I'm not too proud to beg Facebook to consider including educators at the table during the design of the Facebook phone.
The NYTimes reported this weekend that Facebook is ramping up efforts to build its own phone, running some form of a Facebook operating system, to compete with Google (Android), and Apple (iOS). Controlling the platform, and therefore the mobile ecosystem, makes good sense for Facebook - although pulling off a combined software/hardware product is extremely difficult.
The smart money is on Amazon to ship its own Kindle branded phone before 2014 (and subsidize the hardware with Amazon Prime subscriptions, video and e-book sales), but a Facebook phone with the social operating system baked into the product makes sense.
Facebook has an opportunity with its mobile phone and mobile OS to return to its higher ed roots.
What would a phone that was designed from the ground up to be an education platform, in addition to a communications / social / gaming, look like?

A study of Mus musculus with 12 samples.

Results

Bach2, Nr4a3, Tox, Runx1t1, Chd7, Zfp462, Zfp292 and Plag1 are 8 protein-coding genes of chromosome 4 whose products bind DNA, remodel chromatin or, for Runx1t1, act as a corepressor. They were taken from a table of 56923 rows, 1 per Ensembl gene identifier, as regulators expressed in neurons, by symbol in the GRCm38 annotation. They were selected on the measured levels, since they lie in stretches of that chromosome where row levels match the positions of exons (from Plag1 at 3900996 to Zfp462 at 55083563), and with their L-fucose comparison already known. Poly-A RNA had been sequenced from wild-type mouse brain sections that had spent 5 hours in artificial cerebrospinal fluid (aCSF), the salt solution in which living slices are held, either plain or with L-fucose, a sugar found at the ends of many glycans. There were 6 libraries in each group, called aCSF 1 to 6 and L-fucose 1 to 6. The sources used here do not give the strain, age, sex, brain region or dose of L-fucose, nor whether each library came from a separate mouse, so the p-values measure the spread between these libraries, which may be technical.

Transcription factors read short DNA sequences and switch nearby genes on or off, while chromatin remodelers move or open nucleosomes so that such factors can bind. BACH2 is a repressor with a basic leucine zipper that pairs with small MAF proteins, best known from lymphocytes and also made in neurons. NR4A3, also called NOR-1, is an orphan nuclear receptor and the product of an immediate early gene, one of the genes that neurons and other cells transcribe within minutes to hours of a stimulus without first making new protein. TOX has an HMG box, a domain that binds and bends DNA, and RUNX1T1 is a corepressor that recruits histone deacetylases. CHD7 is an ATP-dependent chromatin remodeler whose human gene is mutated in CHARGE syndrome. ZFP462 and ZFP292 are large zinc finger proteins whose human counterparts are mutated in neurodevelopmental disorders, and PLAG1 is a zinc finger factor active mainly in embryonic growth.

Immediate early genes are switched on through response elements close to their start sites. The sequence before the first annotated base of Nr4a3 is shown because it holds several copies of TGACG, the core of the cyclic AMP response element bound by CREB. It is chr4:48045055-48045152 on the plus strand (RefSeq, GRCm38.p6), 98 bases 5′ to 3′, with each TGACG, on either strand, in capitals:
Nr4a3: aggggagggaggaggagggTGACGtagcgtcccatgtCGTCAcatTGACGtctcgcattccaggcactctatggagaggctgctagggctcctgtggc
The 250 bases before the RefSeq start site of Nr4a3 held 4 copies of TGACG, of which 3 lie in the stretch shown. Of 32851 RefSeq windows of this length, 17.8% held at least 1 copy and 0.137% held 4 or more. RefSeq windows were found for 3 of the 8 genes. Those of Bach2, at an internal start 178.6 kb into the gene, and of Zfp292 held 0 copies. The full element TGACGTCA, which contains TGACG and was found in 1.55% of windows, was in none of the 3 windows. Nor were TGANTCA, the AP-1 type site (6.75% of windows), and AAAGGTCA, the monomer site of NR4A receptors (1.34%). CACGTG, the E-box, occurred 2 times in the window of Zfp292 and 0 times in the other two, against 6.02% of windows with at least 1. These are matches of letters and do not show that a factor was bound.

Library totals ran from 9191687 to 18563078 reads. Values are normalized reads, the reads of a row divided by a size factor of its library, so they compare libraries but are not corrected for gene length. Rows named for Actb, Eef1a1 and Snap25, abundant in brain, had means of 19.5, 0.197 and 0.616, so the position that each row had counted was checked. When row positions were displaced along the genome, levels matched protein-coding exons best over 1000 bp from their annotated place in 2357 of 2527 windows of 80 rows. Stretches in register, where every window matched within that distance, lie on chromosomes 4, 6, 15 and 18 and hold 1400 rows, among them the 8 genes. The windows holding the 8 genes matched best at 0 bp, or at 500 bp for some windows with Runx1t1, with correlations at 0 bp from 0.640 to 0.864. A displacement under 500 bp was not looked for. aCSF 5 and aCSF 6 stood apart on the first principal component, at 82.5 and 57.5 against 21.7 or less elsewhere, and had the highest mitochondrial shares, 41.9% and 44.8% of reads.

What sort of combination of software, hardware, applications and content would be necessary to break the tyranny of the browser in the education space, and move the mobile device into the preeminent spot for learning?
What acquisitions in the ed tech space would Facebook need to complete to fill out an education ecosystem designed around the mobile experience?
The answers are not clear to any of these questions. But what is clear is that Facebook has the resources to tackle the mobile learning problem, and a need to differentiate its platform from Google, Apple, and other competitors. The fact that learning is a fundamental social experience should give the social network a comparative advantage in thinking about building a platform for mobile learning.
We need one major company, one Microsoft or Apple or Amazon or Google or Facebook (who else?), to decide that education is a key strategic business going forward.
How can we make the case to the leadership of these companies to take a hard look at the opportunities in education?